Boeing ( BA -1.92% ) stock jumped 6% on Thursday, after Ryanair ( RYAAY 0.40% ) ordered 75 more 737 MAX jets. This represents Boeing's biggest 737 MAX firm order by far since the troubled jet was grounded in March 2019. It's also the aerospace giant's largest commercial jet order of 2020.
That's all good news for Boeing. Nevertheless, investors may be celebrating a little too soon. Ryanair is a growing airline with a solid balance sheet -- and it's arguably the most dedicated 737 customer in the world. That made additional orders inevitable. The real challenge for Boeing will be following up this order with additional 737 MAX deals, especially outside its home market of the U.S.
Ryanair tops up its 737 MAX order
Entering 2020, Ryanair had 135 firm orders for the Boeing 737 MAX and 75 options, all for the 737 MAX 200. This high-capacity variant of the 737 MAX 8 will hold 197 seats in Ryanair's configuration, compared to the 189 seats on its 737-800s. Management considers the 737 MAX 200 to be a game changer: Its additional seating capacity -- along with lower fuel and maintenance costs -- will significantly reduce the Irish budget carrier's unit costs. Deliveries had been scheduled to begin last year but have repeatedly been delayed due to the 737 MAX grounding.
The agreement announced on Thursday boosts Ryanair's firm order book for the 737 MAX 200 (which Ryanair has recently been calling the 737 8200) to 210 units.
Two other details may have added to Boeing shareholders' excitement. First, several news outlets reported that Ryanair plans to accelerate its 737 MAX delivery schedule. Second, Ryanair CEO Michael O'Leary said that his airline was looking to place another large 737 MAX order within about 18 months: one that would include the 737 MAX 10, the type's largest variant.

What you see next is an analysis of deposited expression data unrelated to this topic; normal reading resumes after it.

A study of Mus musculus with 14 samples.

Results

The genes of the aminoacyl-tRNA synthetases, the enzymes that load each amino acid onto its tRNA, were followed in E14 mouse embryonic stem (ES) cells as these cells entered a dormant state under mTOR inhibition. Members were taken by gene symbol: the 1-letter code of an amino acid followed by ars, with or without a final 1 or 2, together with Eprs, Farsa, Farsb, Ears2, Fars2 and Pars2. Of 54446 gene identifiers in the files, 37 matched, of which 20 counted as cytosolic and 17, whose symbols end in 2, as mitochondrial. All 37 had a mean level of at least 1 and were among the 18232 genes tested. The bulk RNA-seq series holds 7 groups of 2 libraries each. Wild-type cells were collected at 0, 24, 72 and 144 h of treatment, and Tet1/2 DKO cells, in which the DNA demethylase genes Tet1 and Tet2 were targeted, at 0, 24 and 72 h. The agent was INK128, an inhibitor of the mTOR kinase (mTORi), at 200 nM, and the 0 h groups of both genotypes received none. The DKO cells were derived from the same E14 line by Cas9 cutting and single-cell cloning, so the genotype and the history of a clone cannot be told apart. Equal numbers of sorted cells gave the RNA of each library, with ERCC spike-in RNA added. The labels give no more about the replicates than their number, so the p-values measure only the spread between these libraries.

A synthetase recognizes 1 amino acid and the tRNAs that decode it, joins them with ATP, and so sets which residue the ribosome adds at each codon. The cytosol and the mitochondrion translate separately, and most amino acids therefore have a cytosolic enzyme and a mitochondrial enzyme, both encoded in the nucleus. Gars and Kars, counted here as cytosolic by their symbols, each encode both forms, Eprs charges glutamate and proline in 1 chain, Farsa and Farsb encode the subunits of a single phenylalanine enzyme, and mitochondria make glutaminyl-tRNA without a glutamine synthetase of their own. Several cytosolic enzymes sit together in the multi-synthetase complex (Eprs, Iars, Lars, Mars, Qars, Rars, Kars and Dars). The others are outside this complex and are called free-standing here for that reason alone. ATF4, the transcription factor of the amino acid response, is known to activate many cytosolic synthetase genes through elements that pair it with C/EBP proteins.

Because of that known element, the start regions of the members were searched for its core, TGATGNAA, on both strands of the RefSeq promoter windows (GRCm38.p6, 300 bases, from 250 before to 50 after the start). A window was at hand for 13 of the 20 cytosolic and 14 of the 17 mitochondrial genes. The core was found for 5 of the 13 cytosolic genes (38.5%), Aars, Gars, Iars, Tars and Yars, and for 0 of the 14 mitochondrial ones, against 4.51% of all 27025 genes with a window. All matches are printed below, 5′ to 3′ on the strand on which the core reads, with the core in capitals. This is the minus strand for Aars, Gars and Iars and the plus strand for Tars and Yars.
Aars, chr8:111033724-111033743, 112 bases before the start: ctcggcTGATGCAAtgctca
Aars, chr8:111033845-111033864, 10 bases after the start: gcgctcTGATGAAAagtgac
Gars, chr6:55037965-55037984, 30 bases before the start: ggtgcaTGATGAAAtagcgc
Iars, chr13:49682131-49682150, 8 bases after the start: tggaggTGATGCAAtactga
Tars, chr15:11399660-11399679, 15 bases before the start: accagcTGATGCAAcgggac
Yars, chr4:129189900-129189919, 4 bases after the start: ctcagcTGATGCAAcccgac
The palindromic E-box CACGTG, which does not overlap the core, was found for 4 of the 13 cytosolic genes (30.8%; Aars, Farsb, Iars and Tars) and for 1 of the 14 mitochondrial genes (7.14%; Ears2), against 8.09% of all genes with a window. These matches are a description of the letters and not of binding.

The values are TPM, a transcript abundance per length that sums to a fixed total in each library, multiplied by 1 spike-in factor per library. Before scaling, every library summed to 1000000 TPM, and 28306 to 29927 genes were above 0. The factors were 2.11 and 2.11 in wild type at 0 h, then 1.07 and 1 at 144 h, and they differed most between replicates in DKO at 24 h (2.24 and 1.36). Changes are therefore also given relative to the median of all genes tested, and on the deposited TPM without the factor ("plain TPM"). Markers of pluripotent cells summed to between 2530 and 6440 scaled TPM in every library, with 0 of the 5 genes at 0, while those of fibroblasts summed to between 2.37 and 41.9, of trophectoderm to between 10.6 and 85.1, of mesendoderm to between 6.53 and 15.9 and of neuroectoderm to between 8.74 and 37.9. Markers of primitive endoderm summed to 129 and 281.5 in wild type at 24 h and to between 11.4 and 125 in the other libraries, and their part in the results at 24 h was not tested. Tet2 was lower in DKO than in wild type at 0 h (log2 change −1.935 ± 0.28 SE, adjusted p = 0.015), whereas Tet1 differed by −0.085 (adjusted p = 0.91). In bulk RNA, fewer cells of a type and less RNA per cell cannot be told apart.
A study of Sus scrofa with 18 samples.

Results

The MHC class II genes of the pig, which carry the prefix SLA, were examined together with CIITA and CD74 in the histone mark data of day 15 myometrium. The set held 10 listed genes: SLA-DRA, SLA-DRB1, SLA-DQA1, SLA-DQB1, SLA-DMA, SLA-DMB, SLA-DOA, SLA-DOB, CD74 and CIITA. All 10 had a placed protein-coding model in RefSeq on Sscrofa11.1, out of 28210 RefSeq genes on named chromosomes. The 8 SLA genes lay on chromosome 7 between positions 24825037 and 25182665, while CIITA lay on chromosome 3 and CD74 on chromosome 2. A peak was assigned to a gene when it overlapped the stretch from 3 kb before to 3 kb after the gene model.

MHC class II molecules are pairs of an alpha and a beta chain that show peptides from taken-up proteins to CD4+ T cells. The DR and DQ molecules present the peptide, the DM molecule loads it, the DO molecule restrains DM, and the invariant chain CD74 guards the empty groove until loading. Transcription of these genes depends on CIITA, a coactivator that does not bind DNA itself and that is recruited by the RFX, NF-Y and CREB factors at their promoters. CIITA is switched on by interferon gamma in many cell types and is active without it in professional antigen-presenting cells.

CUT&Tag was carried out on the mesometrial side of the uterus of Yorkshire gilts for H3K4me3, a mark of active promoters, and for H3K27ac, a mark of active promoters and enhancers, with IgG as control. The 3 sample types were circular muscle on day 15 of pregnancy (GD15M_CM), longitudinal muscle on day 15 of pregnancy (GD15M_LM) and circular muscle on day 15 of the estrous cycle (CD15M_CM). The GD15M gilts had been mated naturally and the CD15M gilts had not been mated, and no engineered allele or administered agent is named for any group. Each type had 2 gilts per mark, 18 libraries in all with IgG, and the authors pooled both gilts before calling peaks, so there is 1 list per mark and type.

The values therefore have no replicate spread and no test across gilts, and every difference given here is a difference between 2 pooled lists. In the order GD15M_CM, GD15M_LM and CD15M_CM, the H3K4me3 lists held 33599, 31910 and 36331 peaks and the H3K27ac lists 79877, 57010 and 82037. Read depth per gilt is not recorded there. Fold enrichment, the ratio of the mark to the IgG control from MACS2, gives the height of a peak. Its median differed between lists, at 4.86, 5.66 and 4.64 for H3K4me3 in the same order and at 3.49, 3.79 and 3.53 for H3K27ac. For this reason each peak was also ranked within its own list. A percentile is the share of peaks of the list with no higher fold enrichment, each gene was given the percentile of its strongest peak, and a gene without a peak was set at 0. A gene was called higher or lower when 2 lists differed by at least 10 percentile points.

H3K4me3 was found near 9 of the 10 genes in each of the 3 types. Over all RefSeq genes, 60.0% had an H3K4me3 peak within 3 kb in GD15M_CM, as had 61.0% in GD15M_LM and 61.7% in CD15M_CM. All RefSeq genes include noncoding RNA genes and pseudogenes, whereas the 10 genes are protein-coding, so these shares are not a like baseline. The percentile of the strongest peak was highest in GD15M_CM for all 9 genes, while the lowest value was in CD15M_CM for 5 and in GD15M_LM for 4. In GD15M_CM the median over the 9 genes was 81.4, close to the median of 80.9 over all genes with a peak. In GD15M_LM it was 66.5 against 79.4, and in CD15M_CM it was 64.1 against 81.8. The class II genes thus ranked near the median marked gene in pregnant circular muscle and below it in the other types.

Getting orders from Ryanair was never the problem
This 737 MAX order is certainly good for Boeing, but it's not as momentous as many investors seem to believe. Ryanair has historically operated an all-Boeing 737 fleet. It has never shown much interest in changing that strategy (although it currently has some Airbus A320s from an acquisition, all of which will be phased out in the years ahead). There was really only a question of when -- not if -- Ryanair would place another 737 MAX order.
Moreover, an order for 75 planes is pretty modest given Ryanair's size. The carrier ended its 2020 fiscal year with 470 aircraft. It will probably replace dozens if not hundreds of those jets over the next decade to capitalize on the 737 MAX 200 and 737 MAX 10. It also would expand its fleet by at least 300 aircraft over this period based on its typical growth rate. Ryanair's intent to place an additional 737 MAX order within 18 months merely confirms the obvious.
Ryanair may not even be accelerating its 737 MAX deliveries very much. The company's press release indicates that all 210 aircraft will be delivered by December 2024. However, in an accompanying presentation, Ryanair disclosed a fleet plan calling for only 188 737 MAX jets in its fleet as of March 2025 (the end of its 2025 fiscal year). In any case, the carrier's initial 135 firm orders were always meant to be delivered by March 2024.
Where else can Boeing turn?
Boeing finished October with 3,365 firm orders for the 737 family in its backlog, compared to Airbus' backlog of 6,517 firm orders for single-aisle jets. The Ryanair order announced on Thursday and the potential future order dangled by O'Leary will help shore up the 737 MAX backlog. Boeing can probably count on hundreds of additional orders from its U.S. customers over the next few years as well, as U.S. airlines are far healthier than most of the global industry.
The problem is that Boeing doesn't have a deep bench of good 737 MAX prospects aside from U.S. airlines and Ryanair. In fact, three formerly fast-growing Asian airlines -- flydubai, Lion Air, and VietJet -- rank among the top five 737 MAX customers, with a combined 674 orders on the books. All three are more likely to cancel existing orders than to place new ones.
The ability of the healthiest airlines in the world to place additional 737 MAX orders has never been in doubt. The real question is whether fast-growing airlines that were struggling to make money before the pandemic will be able to execute their previous growth plans. If they can't, there's no way Boeing will be able to return to 2018 production levels, no matter how many planes Ryanair ultimately orders.